Link Wray (Wikimedia Commons / Anthony Pepitone)
Guitarist Link Wray was born May 2, 1929. We look back on the life and career of the distortion and the power chord pioneer they called "the Rumble Man."
Born in 1929 in Dunn, N.C., Fred Lincoln Ray Jr. was part Shawnee Indian, a heritage he later rarely failed to mention in interviews. "I don't mean this to sound racist," he told the Associated Press in 2002, "but Elvis grew up white-man poor. I grew up Shawnee poor." His father – a semiliterate, disabled World War I veteran, pipefitter and occasional street preacher – had difficulty finding work and the family relocated often, moving from North Carolina to Virginia to Washington D.C. and later Maryland. Wray sometimes had to sleep in barns and was working by the time he was 10.
But something happened when he was 8 that would change his life forever – he met a musician known as Hambone who was traveling with the Barnum & Bailey circus. Hambone tuned up a cheap Maybelle acoustic guitar owned by Link's brother Vernon and played some bottleneck slide on it. Wray fell in love with the sound and became hooked on guitar.
By the time he was 14, he was playing in a five-piece jazz combo and listening to acts like Chet Atkins, Grady Martin and the country-jazz sounds coming out of Nashville. But his own playing lacked the virtuosity of those acts, and he increasingly felt himself drawn to the rawer, more plaintive sounds of Hank Williams.
The Korean War would put his musical ambitions on hold, though, as Wray served with the U.S. Army in Korea and later Germany. He contracted tuberculosis and would eventually have to have one of his lungs removed. The operation forced him to concentrate his musical efforts even more sharply on the guitar, as doctors told him singing was now out of the question.
Returning from service, Wray and his brothers Doug and Vernon would form Lucky Wray and the Lazy Pine Wranglers. They were hired as a house band for Milt Grant's House Party, a local D.C. television show inspired by American Bandstand. It was there that Wray made the sonic breakthrough that would define his career.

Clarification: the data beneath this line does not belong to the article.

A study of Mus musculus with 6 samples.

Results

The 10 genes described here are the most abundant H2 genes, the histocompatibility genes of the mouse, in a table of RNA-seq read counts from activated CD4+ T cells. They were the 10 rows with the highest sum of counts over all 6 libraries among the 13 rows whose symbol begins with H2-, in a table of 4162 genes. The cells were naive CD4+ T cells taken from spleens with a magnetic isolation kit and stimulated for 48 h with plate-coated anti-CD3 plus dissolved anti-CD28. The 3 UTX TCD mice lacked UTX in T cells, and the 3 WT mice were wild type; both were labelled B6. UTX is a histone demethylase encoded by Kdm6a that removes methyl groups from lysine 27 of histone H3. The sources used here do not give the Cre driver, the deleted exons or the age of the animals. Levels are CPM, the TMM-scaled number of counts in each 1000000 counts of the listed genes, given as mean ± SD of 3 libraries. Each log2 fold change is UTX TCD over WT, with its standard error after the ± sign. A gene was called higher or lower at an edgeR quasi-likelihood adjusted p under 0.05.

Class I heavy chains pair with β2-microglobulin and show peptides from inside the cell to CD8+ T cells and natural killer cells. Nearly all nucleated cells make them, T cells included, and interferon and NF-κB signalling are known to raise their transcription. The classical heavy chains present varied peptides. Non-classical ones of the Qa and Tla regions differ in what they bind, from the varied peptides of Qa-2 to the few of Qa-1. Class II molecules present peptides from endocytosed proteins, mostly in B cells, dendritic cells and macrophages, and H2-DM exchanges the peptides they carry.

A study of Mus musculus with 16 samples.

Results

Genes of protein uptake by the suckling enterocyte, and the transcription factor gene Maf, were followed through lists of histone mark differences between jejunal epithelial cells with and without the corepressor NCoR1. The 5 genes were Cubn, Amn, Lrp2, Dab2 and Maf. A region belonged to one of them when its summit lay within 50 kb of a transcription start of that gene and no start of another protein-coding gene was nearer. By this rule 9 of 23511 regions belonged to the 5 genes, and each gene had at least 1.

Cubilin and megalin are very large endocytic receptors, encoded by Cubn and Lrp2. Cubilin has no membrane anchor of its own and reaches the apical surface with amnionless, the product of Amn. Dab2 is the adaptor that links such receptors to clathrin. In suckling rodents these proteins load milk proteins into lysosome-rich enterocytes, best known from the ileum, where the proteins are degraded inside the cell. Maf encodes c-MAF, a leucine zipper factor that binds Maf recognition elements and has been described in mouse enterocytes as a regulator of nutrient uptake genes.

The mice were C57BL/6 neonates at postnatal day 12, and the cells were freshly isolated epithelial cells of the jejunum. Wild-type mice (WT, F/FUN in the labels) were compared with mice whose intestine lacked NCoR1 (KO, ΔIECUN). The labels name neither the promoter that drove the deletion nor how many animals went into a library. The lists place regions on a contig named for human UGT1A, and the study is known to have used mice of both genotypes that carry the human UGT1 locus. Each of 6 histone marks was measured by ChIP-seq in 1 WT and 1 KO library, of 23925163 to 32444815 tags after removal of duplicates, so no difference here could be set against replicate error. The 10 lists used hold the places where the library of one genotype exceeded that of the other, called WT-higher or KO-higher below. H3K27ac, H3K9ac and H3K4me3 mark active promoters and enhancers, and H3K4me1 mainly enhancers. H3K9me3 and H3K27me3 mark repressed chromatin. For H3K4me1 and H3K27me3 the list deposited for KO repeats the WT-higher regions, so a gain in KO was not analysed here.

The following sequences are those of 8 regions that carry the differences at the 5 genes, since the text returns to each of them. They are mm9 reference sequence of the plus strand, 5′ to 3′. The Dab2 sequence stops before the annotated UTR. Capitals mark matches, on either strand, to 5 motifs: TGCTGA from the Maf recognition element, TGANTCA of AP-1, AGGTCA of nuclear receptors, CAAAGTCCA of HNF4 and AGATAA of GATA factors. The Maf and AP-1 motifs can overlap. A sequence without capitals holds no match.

Show host Milton Grant suggested the band play "The Stroll," a song that had been a hit for The Diamonds. Wray wasn't familiar with the tune, so started playing a three-chord, droning 11-bar blues. His brother Vernon, rather than sing, placed the microphone next to Link's amplifier, overwhelming the P.A. and producing a heavy, distorted sound. The audience went nuts and they ended up playing the song at least four more times that night.
Grant smelled a hit and took the band into a studio to record the tune (known at that stage as "Oddball"). But Wray at first had trouble reproducing the fuzzed out tone he'd achieved live. Inspiration struck, and he gouged out his amp speakers with a pen. Thus was born the first recording featuring intentionally distorted guitar.
Labels didn't know what to make of the raw, gritty sound, but eventually Cadence Records put it out as "Rumble" on St. Patrick's Day, 1958. The song was an instant hit in the U.S. and Europe, despite some radio stations banning it because they felt it would fan the flames of juvenile delinquency – quite a feat for a song that didn't even have words.
Much of the reaction likely had to do with the menacing image Wray would cultivate – the black leather jacket, the sunglasses, the greased pompadour. Few of his fans probably realized he was a devout Christian, an exercise fanatic and lifelong vegetarian (then again, he was also known for carrying a switchblade).
Between 1958 and 1961, he'd have a few minor hits – "Raw-Hide" and "Jack the Ripper" – but would also fall victim to record company producers trying to clean up and dilute his sound, or coming up with dimwitted ideas like pairing him with the Mitch Miller orchestra to cover "Clair De Lune."
He left Epic Records and wound up recording for Swan Records, a label started by his brother Vernon in Washington D.C. Playing as Link Wray and the Ray Men, they became regulars at some of D.C.'s scariest biker and hillbilly bars. Swan Records went out of business in 1977 and the next year, Wray moved to Tucson, Ariz.
Like many artists of the early rock 'n' roll era, Wray was not financially savvy, a situation which would lead to a falling out with his manager-brother before Vernon committed suicide in 1979. Later that year Wray moved to Copenhagen with Olive Julie Pavlsen, a Danish student of Native American culture who would become his fourth wife.
Wray toured and recorded intermittently for the rest of his life – retaining more popularity in Europe than in America – and his music would become a film soundtrack staple in the 1990s, appearing in Pulp Fiction, Twelve Monkeys, Desperado and Independence Day. And despite still not being inducted into the Rock and Roll Hall of Fame, he's been cited as an influence by many of the big rock guitarists who experienced their heyday in the late 1960s and early '70s – artists like Jimi Hendrix, Jeff Beck, Pete Townsend, Jimmie Page and Eric Clapton.
Wray was still taking his music on the road just months before his death Nov. 5, 2005. He was 76.